The new year brings in a new president for the Japan International Cooperation Agency as Sadako Ogata, at 84, resigns from her post as the agency’s head.
Ogata had contemplated to leave her post at the end of her second term, but signed on for a third tenure in October as JICA reportedly had a hard time finding a replacement. But as she leaves her post in March, Ogata will be passing on the torch to Akihiko Tanaka, a scholar of international politics and the current vice president of the University of Tokyo.
Tanaka, who obtained his doctorate in political science at the Massachusetts Institute of Technology in 1981, has been a member of various government advisory panels, including the Advisory Group on International Cooperation for Peace and the Council on Security and Defense Capability. He also served as vice chairman of the board of the Japan Association of International Relations. His specialties center on theories of international politics, contemporary international relations in East Asia and issues concerning Japan-U.S. relations.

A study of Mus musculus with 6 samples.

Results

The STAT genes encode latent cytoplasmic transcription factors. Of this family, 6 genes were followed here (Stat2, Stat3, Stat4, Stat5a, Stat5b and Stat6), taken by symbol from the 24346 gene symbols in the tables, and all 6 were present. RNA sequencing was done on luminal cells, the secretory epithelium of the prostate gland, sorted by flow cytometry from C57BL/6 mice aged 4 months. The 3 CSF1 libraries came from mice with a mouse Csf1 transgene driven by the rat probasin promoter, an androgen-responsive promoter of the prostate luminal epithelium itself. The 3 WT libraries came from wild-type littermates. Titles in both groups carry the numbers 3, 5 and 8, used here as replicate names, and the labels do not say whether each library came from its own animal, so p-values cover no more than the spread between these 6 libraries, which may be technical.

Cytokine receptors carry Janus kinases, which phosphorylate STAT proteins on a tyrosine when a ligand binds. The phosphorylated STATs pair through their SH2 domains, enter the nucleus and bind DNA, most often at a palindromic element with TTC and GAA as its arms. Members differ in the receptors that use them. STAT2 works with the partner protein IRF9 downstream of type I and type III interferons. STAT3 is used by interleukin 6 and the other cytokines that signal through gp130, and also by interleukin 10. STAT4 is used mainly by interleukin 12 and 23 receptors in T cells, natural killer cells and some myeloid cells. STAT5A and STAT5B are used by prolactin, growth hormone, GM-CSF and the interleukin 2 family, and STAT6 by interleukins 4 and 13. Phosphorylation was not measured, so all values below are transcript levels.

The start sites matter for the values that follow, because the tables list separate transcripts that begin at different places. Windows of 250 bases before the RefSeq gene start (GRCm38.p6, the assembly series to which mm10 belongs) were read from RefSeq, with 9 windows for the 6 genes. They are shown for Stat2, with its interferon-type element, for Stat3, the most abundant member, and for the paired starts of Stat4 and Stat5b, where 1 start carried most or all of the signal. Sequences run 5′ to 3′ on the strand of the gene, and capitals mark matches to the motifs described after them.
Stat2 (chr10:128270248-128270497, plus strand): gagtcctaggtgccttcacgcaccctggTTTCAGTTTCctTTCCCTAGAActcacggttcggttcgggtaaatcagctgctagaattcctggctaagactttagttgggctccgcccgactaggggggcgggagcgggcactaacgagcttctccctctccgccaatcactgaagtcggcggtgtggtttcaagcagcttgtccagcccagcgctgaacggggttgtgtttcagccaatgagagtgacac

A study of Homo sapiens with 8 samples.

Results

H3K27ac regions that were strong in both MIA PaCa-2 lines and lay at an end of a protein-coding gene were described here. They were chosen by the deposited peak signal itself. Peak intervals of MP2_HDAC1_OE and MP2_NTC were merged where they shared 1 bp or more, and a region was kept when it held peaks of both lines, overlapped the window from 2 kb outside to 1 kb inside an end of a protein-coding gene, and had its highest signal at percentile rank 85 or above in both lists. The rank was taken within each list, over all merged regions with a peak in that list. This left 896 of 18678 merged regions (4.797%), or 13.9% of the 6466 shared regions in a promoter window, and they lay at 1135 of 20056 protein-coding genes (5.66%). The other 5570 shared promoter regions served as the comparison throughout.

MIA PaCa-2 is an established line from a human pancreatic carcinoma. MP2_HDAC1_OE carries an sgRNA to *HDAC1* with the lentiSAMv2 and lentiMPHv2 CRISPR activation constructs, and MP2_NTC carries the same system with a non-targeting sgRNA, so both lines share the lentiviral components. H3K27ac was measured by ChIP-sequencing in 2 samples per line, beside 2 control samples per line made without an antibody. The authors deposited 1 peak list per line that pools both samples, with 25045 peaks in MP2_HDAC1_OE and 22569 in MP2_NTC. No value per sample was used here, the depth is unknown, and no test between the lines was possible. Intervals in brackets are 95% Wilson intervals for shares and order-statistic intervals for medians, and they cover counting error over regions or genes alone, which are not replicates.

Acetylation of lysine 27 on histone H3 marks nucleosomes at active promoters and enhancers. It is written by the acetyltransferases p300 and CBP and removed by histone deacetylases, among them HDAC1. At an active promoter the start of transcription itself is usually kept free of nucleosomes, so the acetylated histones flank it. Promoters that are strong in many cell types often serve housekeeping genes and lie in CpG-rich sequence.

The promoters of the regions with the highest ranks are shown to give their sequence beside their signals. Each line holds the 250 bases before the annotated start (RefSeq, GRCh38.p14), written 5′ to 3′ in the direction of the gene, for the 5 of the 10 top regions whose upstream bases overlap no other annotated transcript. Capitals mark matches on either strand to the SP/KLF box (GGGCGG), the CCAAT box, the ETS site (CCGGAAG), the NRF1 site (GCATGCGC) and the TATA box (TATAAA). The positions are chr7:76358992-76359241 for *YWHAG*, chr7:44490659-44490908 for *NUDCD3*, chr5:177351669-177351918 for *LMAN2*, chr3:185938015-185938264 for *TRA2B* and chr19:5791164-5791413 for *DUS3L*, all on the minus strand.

But even with an extensive background on international relations, Tanaka’s predecessor is a tough act to follow.
Ogata has been serving JICA for the past eight years. She was appointed president in October 2003 — when JICA was on its early years of being an independent administrative agency — after serving for a decade as U.N. high commissioner for refugees.
One of the biggest challenges to Ogata’s leadership was when JICA, in 2008, merged with the Japan Bank for International Cooperation, an institution thought to be antithetical in practice. Three years have passed since and Japan is now one of the top 15 bilateral donor countries of the Development Assistance Committee of the Organization for Economic Cooperation and Development.